Today’s Monday Minis bring you supernatural crime, a real-life serial killer and a Spanish inspired magical murder-mystery. Very bloody week, I must say! I received eARCs of all of these via NetGalley, many thanks to the respective publishers. All opinions are my own.
Shadow Service by Cavan Scott and Corin Howell (Colourist Triona Farrell, Letterer Andworld) is a new ongoing comic series – the first bind up volume was released in April. It centres on wirch Gina Meyers, a private investigator in London, and her encounters with London’s supernatural criminal underworld and the policing agency referred to as MI666. There is some interesting stuff in here, though it is grittier than I expected going in. It’s more of a Grimdark story than a cute witchy urban fantasy. To be entirely honest, I wasn’t blown away by this first volume, but the ending left me intrigued enough to pick up the second one and give the series another chance. I feel that the characters haven’t really had too much of a chance to develop yet as it’s very action focused and I would prefer to get a bit more down time and get deep and personal with Gina and the peeps from MI666 – and yes, even with Gideon…
Triflers Need Not Apply by Camilla Bruce is an odd one. I’m not sure how much I actually liked the book, but I couldn’t put it down at all. This is the story of Belle Gunness, one of the few female serial killers in history. And to clear up any confusion, this same book was published earlier this year in the US as In The Garden of Spite – I was a bit confused myself there. While based on a historical tale, this is fiction. The story follows Belle/Bella from her childhood in Norway through to her supposedly faked death in a fire in middle age. It is an utterly compelling story, but also an uncomfortable one. Bella is an absolute sociopath and I kept waiting for someone to pick up on what she was doing and to actually do something about it – and it felt like people were so close so many times, but it just never happened. I hated her and pretty much every other character in the book so damn much and that makes writing about the book kind of hard. But if you’re into true crime and villains, do check this out!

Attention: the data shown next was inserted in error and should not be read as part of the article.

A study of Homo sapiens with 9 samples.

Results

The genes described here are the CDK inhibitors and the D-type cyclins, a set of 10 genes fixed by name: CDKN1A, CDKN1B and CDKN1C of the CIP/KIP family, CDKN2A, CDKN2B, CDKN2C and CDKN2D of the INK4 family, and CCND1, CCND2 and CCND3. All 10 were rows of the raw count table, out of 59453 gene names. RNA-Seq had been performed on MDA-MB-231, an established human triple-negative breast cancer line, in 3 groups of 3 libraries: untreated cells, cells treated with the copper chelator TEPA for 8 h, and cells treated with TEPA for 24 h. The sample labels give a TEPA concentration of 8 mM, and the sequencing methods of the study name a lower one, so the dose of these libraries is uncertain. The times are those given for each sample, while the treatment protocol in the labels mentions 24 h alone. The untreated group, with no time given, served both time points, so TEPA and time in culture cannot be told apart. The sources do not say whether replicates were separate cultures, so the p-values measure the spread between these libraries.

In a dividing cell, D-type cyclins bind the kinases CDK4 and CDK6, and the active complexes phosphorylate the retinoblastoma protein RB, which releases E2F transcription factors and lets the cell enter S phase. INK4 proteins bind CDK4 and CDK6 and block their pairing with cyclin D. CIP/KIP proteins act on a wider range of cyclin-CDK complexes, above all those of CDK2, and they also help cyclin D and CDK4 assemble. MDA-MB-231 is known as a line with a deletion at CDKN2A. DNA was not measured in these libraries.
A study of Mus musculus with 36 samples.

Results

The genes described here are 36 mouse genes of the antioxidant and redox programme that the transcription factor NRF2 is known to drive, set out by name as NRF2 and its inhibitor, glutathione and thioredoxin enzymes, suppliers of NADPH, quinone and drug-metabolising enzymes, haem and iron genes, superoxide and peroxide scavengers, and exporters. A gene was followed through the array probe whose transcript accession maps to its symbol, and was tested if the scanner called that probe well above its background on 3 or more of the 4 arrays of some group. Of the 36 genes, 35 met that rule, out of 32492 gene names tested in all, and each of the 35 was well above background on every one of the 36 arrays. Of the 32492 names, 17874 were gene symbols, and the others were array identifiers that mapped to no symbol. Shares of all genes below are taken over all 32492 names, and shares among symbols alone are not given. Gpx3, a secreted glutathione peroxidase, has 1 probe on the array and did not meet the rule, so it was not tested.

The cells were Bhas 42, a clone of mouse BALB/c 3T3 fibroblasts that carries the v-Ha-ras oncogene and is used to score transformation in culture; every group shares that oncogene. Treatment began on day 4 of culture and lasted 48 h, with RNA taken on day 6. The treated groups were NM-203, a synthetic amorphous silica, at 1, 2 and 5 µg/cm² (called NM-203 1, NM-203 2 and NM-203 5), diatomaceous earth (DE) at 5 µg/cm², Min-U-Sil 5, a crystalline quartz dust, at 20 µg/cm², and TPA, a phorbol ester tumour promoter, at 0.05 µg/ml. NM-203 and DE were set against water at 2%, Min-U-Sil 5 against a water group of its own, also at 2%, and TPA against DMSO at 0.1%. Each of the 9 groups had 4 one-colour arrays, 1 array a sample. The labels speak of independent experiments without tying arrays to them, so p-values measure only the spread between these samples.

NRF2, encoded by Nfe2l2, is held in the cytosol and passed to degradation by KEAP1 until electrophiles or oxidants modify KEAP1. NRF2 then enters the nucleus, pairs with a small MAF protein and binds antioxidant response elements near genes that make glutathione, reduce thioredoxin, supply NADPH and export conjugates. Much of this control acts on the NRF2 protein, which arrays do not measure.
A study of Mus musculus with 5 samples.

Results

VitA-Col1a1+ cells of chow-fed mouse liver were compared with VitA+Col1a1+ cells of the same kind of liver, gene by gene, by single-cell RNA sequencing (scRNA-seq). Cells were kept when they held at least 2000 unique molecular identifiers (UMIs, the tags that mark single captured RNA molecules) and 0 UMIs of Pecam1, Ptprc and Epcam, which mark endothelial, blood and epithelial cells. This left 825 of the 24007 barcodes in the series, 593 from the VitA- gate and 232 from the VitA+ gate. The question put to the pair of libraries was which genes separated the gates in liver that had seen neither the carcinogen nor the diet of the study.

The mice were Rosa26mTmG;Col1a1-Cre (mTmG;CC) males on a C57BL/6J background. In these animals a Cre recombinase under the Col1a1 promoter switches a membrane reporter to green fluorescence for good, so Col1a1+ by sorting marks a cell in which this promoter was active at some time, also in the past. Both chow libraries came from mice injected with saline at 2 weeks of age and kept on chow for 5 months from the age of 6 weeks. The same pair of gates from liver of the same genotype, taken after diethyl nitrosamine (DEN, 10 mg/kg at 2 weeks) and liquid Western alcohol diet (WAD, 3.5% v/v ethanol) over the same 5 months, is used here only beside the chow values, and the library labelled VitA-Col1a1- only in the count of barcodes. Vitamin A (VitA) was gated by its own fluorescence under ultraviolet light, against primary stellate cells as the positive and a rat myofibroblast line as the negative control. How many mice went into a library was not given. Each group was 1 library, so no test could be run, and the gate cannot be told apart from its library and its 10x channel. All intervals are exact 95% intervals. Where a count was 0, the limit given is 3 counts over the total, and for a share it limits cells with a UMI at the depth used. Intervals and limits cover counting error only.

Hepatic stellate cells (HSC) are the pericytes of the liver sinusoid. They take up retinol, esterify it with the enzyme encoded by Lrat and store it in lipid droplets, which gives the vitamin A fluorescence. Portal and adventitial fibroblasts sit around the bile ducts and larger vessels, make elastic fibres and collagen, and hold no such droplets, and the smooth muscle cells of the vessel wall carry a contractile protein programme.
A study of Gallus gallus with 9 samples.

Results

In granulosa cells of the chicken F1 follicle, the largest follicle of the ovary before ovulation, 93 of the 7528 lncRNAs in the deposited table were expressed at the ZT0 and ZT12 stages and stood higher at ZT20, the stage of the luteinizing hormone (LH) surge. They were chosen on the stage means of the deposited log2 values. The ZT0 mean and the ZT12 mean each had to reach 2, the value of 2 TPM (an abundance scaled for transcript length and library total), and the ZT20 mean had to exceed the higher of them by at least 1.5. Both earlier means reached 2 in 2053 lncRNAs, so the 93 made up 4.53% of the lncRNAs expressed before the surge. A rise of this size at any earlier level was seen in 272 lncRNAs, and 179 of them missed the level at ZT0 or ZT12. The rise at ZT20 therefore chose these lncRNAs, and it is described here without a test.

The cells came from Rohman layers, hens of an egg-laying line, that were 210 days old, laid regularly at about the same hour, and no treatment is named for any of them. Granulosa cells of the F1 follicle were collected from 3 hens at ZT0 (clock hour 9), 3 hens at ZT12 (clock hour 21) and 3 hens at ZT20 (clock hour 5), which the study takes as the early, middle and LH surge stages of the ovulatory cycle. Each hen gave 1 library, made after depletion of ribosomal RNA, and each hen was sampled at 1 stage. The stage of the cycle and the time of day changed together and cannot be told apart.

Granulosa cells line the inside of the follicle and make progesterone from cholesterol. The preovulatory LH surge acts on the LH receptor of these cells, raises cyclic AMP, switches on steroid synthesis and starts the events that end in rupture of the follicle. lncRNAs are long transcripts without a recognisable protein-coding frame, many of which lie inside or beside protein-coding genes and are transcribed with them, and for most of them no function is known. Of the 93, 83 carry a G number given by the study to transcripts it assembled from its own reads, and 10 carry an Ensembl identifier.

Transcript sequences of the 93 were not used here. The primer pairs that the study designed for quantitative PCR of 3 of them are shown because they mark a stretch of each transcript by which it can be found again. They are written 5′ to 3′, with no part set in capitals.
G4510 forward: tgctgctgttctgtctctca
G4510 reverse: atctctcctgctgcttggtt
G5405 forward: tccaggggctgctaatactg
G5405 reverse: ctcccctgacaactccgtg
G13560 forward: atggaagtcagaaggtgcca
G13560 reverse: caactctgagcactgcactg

Oculta by Maya Motayne is the second book in the Forgery of Magic Trilogy. Following up on 2019’s Nocturna, this continues the story of Alfie and Finn as they grapple with the consequences of what happened in the first book. Finn finds herself reluctantly leading a gang of thieves as she is thrust into the position of thief lord, while Alfie has to thread his way through court politics and diplomacy as the Englassen royals come to visit the Castellan court for peace negotiations. Together they are once again drawn into a huge conspiracy… I didn’t enjoy this sequel quite as much as I did the first book, I found it dragged at times and I struggled to keep myself focussed. There are parts that I loved – the introduction of tattoo magic was brilliant, but others that were a bit too on the nose for my taste – some new characters were introduced only to betray the main characters in ways that were rather predictable. It also felt like the twists the book took were either entirely forseeable or not foreshadowed at all. I prefer revelations that are unexpected but make sense in retrospect, and I felt like that wasn’t the case with this. I’ll probably still pick up the last book in the trilogy, even if Oculta suffered from middle-book-syndrome.